CRIMINALS ARE in prison for just that reason -- they are criminals.
That doesn't mean, however, they should be placed in harm's way during their incarceration.
That is why we believe a new state corrections initiative to curb prison violence is a healthy proposal.
Gang violence is an ever-growing problem in Ohio lockups. Consequently, the state's 50,000 inmates have been warned that they could face stiffer punishments if they fight with staff or one another.
It has been reported that 20 percent of the state's inmates are affiliated with gangs, but almost 90 percent of most group fights or attacks last year involved at least one gang member.
That is a disturbing disjointed set of numbers. Moreover, nearly half of the 759 prisoners in large fights were gang members.
It bears out the impact gangs are having behind walls.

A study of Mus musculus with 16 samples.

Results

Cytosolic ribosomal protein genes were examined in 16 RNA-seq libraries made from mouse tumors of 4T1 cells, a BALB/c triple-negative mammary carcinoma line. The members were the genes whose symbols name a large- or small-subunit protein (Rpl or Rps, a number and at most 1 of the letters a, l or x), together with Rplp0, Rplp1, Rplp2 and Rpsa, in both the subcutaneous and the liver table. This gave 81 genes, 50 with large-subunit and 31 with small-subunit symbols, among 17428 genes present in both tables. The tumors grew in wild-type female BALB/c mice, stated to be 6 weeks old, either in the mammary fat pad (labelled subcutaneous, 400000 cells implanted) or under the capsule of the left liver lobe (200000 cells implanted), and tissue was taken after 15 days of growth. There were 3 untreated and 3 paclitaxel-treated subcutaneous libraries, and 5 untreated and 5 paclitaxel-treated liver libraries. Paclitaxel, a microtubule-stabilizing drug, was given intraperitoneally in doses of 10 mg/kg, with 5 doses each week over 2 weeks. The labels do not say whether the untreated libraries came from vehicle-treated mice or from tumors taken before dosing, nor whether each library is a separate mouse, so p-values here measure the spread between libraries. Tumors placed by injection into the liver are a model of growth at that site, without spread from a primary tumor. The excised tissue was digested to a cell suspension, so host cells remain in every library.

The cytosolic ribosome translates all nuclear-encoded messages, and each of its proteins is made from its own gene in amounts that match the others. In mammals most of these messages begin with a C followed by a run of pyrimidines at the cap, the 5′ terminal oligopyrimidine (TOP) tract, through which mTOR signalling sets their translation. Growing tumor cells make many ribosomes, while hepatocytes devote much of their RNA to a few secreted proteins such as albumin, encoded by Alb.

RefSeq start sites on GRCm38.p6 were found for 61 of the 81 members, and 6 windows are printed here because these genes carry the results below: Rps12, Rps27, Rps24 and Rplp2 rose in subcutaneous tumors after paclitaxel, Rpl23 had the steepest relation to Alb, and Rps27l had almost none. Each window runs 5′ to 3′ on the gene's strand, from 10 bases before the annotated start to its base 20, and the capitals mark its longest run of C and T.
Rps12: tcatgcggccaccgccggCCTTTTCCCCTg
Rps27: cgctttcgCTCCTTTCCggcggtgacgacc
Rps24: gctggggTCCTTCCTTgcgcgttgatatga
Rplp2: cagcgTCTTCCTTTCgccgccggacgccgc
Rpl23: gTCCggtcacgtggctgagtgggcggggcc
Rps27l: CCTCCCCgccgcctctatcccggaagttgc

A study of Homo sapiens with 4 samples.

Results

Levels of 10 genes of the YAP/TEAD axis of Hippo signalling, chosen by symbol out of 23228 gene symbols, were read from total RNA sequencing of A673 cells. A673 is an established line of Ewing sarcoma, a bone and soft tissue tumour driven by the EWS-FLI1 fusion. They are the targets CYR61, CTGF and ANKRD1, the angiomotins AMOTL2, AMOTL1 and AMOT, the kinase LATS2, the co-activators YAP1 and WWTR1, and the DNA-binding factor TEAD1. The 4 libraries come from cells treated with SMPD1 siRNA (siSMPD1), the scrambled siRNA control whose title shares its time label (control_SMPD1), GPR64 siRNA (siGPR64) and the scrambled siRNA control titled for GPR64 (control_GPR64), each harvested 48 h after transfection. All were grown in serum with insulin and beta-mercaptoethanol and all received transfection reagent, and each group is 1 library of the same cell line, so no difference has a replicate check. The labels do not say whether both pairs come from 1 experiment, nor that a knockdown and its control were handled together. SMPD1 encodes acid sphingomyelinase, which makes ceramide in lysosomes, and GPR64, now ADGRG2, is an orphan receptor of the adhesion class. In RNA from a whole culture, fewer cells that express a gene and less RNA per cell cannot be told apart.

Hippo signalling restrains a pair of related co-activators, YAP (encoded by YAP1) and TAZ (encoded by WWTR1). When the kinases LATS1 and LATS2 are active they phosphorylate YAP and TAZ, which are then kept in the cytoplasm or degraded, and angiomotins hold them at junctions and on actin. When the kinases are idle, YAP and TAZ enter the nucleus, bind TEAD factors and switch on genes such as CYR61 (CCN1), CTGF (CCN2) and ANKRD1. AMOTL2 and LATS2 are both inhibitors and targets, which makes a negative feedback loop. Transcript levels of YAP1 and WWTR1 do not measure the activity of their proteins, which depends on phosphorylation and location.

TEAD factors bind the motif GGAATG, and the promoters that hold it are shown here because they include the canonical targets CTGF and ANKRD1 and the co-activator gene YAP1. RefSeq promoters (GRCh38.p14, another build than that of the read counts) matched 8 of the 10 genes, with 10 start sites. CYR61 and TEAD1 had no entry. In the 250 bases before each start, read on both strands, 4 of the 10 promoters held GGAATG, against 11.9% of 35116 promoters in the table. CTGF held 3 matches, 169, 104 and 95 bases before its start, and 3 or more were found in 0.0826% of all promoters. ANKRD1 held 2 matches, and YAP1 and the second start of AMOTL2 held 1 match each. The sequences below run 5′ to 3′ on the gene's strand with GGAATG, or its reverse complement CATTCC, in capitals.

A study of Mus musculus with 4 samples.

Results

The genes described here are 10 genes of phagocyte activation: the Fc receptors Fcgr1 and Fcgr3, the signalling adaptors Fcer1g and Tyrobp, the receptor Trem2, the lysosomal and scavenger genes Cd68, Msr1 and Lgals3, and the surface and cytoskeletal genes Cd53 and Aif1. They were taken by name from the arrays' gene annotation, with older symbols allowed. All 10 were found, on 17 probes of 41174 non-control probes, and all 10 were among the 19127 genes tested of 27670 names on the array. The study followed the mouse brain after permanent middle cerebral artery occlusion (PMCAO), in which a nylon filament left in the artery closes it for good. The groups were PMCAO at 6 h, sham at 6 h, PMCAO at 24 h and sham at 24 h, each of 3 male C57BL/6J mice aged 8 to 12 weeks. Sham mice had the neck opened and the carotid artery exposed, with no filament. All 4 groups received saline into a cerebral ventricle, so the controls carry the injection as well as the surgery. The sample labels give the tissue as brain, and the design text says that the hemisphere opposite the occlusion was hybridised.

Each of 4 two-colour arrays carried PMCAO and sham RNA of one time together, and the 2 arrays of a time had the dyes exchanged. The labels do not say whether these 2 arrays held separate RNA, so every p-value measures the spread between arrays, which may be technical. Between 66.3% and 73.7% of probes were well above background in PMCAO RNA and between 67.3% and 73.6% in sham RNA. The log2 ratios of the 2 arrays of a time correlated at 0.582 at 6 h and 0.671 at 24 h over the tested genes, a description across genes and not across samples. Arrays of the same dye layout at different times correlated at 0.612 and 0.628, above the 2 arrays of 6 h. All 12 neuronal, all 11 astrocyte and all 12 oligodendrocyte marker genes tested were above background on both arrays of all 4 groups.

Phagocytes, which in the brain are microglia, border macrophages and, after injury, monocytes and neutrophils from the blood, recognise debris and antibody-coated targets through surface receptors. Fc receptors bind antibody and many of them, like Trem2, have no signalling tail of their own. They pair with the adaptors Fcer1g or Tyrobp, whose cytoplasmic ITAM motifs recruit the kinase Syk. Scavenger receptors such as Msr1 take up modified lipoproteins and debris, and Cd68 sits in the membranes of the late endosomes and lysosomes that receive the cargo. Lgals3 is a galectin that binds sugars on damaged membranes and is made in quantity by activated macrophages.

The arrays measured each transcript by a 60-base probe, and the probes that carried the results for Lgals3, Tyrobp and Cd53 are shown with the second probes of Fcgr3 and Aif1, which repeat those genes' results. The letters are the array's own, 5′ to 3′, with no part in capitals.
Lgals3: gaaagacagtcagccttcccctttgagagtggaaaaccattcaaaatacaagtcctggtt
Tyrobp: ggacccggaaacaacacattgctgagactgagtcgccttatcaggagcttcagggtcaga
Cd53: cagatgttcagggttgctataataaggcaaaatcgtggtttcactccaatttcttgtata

To their credit, state corrections officials are taking steps to reduce such problems.
Gang leaders are now calling special isolation cells home. It is a belief that such housing tactics serve to quell violence.
In addition, a larger number of corrections officers have been put in place to monitor inmates affiliated with gangs in hopes of heading off problems before they raise their ugly heads.
One new step to curb gang violence is the transfer of troublesome inmates to controlled units. The first is operational and has received 80 inmates since August.
When totally up and running, there will be three controlled units, capable of isolating 300 problem inmates.
The aforementioned steps to thwart gangs and the painful repercussions they yield are viable and will likely have some positive effects.
We commend state corrections officials for implementing these steps. We are uncertain, however, if not more is needed.